The writer is founder of Intermatrix Communications, which advises AMAN. The views presented here are his own.
Indonesia frequently faces criticism from domestic politicians as well as ASEAN countries for failing to control its forest fires and the resulting smog, which the media calls “haze.”
The 2015 fires were the worst, costing an estimated Rp 220 trillion (US$16.5 billion) in economic losses, or 1.9 percent of gross domestic product (GDP), as well as causing long-term public health hazards.
The main source of the annual disaster is the ruthless large-scale drying of peatlands by plantation companies, as proven by World Bank scientists and international observers.
Facing a major security risk, the government of President Joko “Jokowi” Widodo chose the correct policies in its very first year. The government assumed a firm stance on burning. Despite poor coordination at the provincial and sub-provincial levels, this resulted in fewer fires in 2016 and 2017.
This has not been fully appreciated by the media, who see the recalcitrance of palm oil and paper companies as a sign of government weakness. Actually, the government has a careful strategy of “drawing a line in the sand” while applying pressure on big businesses responsible for continued violations of pro-conservation policies. Riau Andalan Pulp and Paper (RAPP), a major company that routinely converts forests to plantations in Riau, typifies big business resistance to pro-forest regulations.
When President Jokowi paid a visit to United States president Obama in spring 2015 to discuss a common strategy for the COP 21 planned for December in Paris, media coverage of the meeting was overshadowed by reports of catastrophic forest fires in Kalimantan and Sumatra.
These are often presented to emphasize the inefficacy of the government in a classic generalization based on past performance.
It is certainly true that the 2015 fires were the worst ever, and the last in a seven-year annual disaster in which the Jokowi government had less than a year’s culpability. A small consolation was that the press gave positive coverage to Jokowi’sf commitment at the Paris COP 21.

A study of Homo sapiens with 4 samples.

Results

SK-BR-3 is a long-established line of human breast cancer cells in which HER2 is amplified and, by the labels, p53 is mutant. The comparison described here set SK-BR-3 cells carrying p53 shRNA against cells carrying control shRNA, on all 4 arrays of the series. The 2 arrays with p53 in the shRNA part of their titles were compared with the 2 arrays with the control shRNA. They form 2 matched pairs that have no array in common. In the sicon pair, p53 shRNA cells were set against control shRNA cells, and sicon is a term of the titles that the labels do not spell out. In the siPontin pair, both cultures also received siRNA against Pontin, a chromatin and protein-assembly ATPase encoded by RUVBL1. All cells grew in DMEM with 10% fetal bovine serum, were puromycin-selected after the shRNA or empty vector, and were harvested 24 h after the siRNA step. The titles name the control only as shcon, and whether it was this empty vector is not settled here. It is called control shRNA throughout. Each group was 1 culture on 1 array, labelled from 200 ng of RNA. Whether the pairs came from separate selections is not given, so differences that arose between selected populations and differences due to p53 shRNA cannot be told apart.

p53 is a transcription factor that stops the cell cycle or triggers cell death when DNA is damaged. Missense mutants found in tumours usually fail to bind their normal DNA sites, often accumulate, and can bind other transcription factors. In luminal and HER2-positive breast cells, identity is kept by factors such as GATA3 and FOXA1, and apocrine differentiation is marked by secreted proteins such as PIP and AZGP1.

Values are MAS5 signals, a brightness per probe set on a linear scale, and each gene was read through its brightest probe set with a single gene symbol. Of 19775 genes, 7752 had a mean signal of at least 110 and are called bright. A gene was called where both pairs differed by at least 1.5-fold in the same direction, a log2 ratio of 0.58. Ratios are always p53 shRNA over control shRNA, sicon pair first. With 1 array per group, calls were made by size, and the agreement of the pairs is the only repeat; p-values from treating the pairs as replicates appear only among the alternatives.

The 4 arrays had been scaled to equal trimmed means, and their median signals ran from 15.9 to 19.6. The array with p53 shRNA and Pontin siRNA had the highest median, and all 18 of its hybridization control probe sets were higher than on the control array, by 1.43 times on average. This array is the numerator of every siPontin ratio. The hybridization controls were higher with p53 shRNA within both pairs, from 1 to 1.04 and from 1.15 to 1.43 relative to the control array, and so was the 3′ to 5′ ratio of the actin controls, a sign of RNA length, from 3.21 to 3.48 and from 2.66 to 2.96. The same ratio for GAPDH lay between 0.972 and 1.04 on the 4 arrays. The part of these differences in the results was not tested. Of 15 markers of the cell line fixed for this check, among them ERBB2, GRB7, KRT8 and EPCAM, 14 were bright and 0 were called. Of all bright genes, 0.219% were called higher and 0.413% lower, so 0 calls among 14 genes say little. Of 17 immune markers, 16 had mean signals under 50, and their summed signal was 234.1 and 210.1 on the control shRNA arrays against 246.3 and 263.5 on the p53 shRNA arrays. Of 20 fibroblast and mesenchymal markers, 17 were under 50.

Indonesia played a significant role in drafting the Paris Agreement to be ratified later in 2016, and was recognized as a part of the solution to climate change.
Impatient at the sluggish response of forest-based companies and uncomfortable with the world’s underappreciation, the Environment and Forestry Ministry used its government mandate to strengthen its proactive stand in the battle to save the nation’s forests. It facilitated coordination between government ministries and agencies such as the Peatland Restoration Agency (BRG), the Disaster Mitigation Agency (BNPB), the Meteorology, Climatology and Geophysics Agency (BMKG), and most importantly, civil society organizations that had long been committed to keeping the forests safe from destruction by high carbon emissions.
Just as important, serious social issues are involved. The true keepers of the forest are the indigenous communities that had long been unrecognized in the social and forestry policies of previous governments.
Jokowi reached out to AMAN, the Alliance of Indigenous Peoples of the Archipelago, and included their cause and the forestry cause as a pillar of his presidential policy. Under this strong political cover, his administration became a supporter of the agenda for agrarian and social forestry reform. The latest point in the timeline is the Tenure Conference of October 2017, a joint collaboration between civil society and the government. It discussed expectations and grievances in open dialogues held by several panels.
Indonesia has come a long way from the days when it policed its forests on behalf of big business and big power and, most of all, big interests. Progress has been three steps forward and two steps back.
In this perspective, the showdown between the government and recalcitrant big businesses, as symbolized by the tug-of-war between the environment ministry and RAPP, has become a battlefield on which government has to pick sides at the risk of losing the support of indigenous peoples and more importantly, losing sight of forestry policy objectives.
What is transpiring in Riau draws an even clearer line in the call to face this clear and present danger.